With vacancies in two cabinet posts, Oklahoma Gov. Mary Fallin's decision to combine the offices of secretary of energy and secretary of the environment has drawn criticism from the state chapter of the Sierra Club.
David Ocamb, director of the Oklahoma chapter of the Sierra Club, said combining the responsibilities into one cabinet post was a troubling development because of potential conflicts of interest between energy development and protecting the environment.
“Gov. Fallin would be best served by having two voices in the room when it comes to energy and the environment,” Ocamb said. “Not having that does a disservice to the state.”
The governor's office said Friday that Secretary of Environment Gary Sherrer would resign, effective Monday. That followed the May resignation of Secretary of Energy Mike Ming, who left to head an energy research center being started by General Electric Co. in the Oklahoma City area.
Fallin spokesman Alex Weintz said there is no timeline on naming a secretary to the combined energy and environment post. A new appointment will serve on an interim basis until confirmation by the senate when the Legislature reconvenes in February, he said. In the meantime, the offices are being headed by Jay Albert, deputy energy secretary, and Tyler Powell, deputy environment secretary.
Weintz said at least two other states, Kentucky and Massachusetts, have combined cabinet posts for energy and the environment. He said combining the posts in Oklahoma would free up a cabinet post for an area of future emphasis. Oklahoma governors are limited to 15 cabinet members.
“You can't make energy policy in a vacuum and expect it to have no effect on the environment, and you can't make environmental policy in a vacuum and expect it to have no effect on energy and jobs,” Weintz said. “We don't think combining them means we're less committed to one or the other.”
Weintz said Fallin remains committed to the Oklahoma First Energy Plan, which puts a heavy emphasis on using state resources such as natural gas and renewable energy to boost the economy, create jobs and reduce emissions.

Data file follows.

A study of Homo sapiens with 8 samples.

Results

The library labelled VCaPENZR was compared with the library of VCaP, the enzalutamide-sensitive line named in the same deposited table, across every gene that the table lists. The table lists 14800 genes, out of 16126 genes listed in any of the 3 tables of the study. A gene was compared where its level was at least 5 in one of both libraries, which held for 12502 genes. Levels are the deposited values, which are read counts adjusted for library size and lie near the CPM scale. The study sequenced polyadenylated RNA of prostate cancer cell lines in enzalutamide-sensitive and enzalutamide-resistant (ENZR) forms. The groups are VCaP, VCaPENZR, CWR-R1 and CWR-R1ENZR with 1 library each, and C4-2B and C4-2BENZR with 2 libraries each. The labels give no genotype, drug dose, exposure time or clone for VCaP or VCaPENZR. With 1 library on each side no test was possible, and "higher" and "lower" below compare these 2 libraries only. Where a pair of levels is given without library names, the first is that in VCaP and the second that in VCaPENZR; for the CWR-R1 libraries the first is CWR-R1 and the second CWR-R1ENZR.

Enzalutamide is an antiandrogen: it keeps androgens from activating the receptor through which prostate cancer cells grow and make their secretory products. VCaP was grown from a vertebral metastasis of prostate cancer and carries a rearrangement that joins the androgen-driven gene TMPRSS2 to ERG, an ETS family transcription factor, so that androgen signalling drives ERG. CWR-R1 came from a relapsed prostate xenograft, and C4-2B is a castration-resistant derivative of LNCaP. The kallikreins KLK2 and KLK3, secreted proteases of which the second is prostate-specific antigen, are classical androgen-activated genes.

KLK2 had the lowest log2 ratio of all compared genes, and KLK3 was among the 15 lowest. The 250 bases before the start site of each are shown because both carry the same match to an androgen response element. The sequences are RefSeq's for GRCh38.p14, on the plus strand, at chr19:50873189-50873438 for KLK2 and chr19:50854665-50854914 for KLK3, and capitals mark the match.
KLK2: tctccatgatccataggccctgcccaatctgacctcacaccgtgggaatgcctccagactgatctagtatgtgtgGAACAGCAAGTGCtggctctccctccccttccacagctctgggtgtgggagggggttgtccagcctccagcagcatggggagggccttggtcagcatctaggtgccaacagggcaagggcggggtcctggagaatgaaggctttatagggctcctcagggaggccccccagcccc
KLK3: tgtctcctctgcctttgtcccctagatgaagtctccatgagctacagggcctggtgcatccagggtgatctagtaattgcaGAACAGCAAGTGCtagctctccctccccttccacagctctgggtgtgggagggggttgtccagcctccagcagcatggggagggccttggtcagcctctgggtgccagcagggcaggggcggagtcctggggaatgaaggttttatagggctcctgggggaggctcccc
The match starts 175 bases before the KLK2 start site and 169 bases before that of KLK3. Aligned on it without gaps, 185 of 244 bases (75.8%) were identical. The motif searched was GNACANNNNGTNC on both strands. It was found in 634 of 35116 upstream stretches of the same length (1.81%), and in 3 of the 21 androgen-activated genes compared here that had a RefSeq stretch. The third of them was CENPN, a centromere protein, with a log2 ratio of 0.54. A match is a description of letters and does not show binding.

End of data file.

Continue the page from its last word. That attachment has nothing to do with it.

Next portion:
“The governor's plan is an all-of-the-above plan,” Weintz said. “It uses all of Oklahoma's energy resources, including big resources in oil and increases in natural gas and wind. As we purse new export markets for natural gas and wind and improve our energy infrastructure, we'll also see environmental benefits.”
Former Environment Secretary J.D. Strong, now executive director of the Oklahoma Water Resources Board, said the energy and environment cabinet posts are among a handful where the secretary doesn't direct a state agency. Strong worked in the environment secretary's office under Republican Gov. Frank Keating and Democratic Gov. Brad Henry. He was secretary of the environment for the last two years of Henry's second term.
Strong said cabinet positions are an important liaison between agencies and the governor's office. Much of the state's energy regulation comes at the elected Oklahoma Corporation Commission, while the Department of Environmental Quality carries out much of the state and federal regulation of air, water and land.
“I'm not worried about it having any undue influence,” Strong said. “Agencies answer to the law, their boards and what the governor asks them to do.”
You can't make energy policy in a vacuum and expect it to have no effect on the environment, and you can't make environmental policy in a vacuum and expect it to have no effect on energy and jobs.”